Parallel national projectsA step forward or backward?

There are at present two Swedish library portals of similar character emerging in the library sphere. There is a difference however; they are each aiming for two separate target groups.

SESIM is a joint library portal developed as a collaborative venture involving the county libraries. The library staffs at public libraries are able to search and retrieve information using a service that not only makes use of library catalogues, but also to integrate databases, websites and other electronic services. The software application for library portals MetaLib and SFX are currently being tested for the first time in Sweden. During 2006 the portal will allow the end-user full access, focusing on learning processes.

SAMSÖK is the library portal maintained and developed by the LIBRIS department at the National Library of Sweden. The purpose is to facilitate searches and present a collective and easy form of access to the electronic repositories at Swedish research libraries. As in the case of the SESIM portal, it is the software application, MetaLib that forms the basis of the service.

There are those who ask themselves why Sweden fails to unite, despite its importance, on such an issue as a mutual library portal. It would no doubt make it easier for the end-user. The reason for the emergence of parallel library portal projects is considered to be the lack of a coordinated Swedish library policy. In Sweden, support to the various library sectors is supplied from two different authorities. The National Library of Sweden is an official authority, whose instructions are to collect, describe, preserve and provide access to the printed Swedish cultural heritage. This also applies to collaborative and developmental ventures among the research libraries in Sweden.

The Swedish National Council for Cultural Affairs is a government authority whose principal task is to implement national cultural policies determined by the Parliament. The Council is responsible for the allocation of state funds to cultural institutions including those of county libraries and public libraries.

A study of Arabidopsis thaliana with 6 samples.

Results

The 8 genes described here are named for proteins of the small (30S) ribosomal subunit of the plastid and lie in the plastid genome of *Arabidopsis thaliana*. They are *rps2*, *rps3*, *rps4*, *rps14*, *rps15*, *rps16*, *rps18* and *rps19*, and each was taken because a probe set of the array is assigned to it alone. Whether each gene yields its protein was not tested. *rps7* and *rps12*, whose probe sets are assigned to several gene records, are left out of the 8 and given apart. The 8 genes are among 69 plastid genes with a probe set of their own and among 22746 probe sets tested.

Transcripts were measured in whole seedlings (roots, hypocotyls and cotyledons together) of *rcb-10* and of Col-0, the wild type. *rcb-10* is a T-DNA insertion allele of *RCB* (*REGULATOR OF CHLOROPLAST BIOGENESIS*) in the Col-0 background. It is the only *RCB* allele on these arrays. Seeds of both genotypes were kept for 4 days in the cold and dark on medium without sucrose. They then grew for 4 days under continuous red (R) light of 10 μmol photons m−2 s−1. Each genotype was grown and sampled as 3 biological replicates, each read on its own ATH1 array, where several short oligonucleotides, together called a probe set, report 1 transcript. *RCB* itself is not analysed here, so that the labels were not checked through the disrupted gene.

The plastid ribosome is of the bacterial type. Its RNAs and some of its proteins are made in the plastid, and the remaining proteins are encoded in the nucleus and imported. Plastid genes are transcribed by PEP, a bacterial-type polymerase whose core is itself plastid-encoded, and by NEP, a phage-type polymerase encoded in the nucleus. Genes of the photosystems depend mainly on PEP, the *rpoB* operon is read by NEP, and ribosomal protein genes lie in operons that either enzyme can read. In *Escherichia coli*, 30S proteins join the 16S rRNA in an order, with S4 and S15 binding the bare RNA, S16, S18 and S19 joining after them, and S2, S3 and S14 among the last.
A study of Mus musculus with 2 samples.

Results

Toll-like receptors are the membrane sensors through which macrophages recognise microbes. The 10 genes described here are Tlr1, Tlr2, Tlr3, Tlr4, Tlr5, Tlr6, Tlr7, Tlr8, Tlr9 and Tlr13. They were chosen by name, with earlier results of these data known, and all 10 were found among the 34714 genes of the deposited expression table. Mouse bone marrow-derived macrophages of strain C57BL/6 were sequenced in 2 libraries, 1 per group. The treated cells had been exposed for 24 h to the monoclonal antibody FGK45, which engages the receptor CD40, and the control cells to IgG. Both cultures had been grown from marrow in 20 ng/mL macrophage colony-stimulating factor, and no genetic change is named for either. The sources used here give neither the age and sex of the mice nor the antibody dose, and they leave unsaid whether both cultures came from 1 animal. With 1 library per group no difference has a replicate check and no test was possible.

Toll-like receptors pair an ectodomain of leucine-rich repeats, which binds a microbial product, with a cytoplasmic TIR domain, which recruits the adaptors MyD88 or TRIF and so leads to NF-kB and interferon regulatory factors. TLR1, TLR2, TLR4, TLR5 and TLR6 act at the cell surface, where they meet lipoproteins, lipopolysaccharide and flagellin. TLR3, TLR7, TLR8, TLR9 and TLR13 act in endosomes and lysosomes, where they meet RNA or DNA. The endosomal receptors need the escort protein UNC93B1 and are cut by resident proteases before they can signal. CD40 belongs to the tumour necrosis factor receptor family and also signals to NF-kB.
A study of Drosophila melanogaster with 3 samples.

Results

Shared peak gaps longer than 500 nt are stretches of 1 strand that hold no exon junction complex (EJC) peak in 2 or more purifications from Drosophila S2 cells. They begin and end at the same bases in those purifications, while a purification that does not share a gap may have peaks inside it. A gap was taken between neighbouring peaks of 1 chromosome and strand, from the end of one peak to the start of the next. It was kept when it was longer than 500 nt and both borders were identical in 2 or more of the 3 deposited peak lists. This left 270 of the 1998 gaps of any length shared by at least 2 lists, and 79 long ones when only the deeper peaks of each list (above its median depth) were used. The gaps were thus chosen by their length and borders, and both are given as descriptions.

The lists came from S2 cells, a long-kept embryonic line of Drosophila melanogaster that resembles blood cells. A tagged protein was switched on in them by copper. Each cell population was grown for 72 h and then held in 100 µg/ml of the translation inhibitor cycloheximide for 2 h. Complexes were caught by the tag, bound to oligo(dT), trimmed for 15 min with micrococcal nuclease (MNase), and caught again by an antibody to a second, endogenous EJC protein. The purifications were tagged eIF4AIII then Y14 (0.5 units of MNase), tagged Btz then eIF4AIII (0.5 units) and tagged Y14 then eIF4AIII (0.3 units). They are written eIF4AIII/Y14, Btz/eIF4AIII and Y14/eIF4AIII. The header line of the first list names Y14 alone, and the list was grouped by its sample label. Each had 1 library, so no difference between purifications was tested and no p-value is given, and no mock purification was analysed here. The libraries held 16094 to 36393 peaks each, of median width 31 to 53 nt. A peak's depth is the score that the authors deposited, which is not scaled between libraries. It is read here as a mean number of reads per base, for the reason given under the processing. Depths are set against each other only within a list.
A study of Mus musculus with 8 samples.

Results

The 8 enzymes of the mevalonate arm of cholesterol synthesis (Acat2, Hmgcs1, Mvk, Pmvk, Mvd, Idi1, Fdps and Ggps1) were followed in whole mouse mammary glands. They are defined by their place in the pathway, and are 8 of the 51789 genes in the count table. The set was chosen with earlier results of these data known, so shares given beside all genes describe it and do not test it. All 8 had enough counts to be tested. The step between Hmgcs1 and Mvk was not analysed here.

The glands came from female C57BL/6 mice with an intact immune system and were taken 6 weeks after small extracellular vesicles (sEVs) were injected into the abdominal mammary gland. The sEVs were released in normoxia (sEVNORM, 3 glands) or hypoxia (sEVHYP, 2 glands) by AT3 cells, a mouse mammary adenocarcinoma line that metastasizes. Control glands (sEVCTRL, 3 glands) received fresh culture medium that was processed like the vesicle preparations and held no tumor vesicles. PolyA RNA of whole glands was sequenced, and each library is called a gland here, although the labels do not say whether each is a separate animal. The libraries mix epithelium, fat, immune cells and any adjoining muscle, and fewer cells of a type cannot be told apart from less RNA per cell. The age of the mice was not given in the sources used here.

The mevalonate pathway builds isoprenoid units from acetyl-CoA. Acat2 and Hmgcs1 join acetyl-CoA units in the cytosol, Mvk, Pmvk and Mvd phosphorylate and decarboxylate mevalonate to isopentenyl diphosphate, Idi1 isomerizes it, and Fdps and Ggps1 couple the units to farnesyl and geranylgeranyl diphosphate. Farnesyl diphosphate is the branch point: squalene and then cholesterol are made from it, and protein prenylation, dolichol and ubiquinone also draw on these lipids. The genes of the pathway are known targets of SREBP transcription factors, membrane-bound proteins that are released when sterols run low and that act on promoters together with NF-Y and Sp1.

Expectations are high as to the establishing of a Swedish library authority. At present there are no inclinations from the government that this is to become a reality. It is therefore important that the National Library and the Council clarify the present situation and make clear what the two authorities’ duties are. There is also the urgent need to explain how the collaboration involving the two authorities stands today and how this can be elaborated upon.

The National Council for Cultural Affairs and the National Library of Sweden have each come to the conclusion that they are better off financing separate joint search projects. Both sectors have their reasons, their libraries and their end-users to consider. From the point of view of the public libraries there is an emphasis on the satisfactory kind of library service which includes users from the categories of children and young people, the physically impaired and those who have other native languages besides Swedish. Concurrently, adult education is increasingly becoming a priority target group. On the other hand, the research libraries stress the importance of not fabricating generalisations about students; instead try to find solutions adapted to the kind of studies being pursued.

It need not necessarily be a negative that there are two variations of the same kind. Two library portals might complement each other instead of competing. A process in itself is also worth its investment. And the projects continue to listen, discuss and learn from each other. Nobody knows what will happen with the two portals in the future …

Translated by Jonathan Pearman

Executive in charge of regional library planning. The Swedish National Council for Cultural Affairs.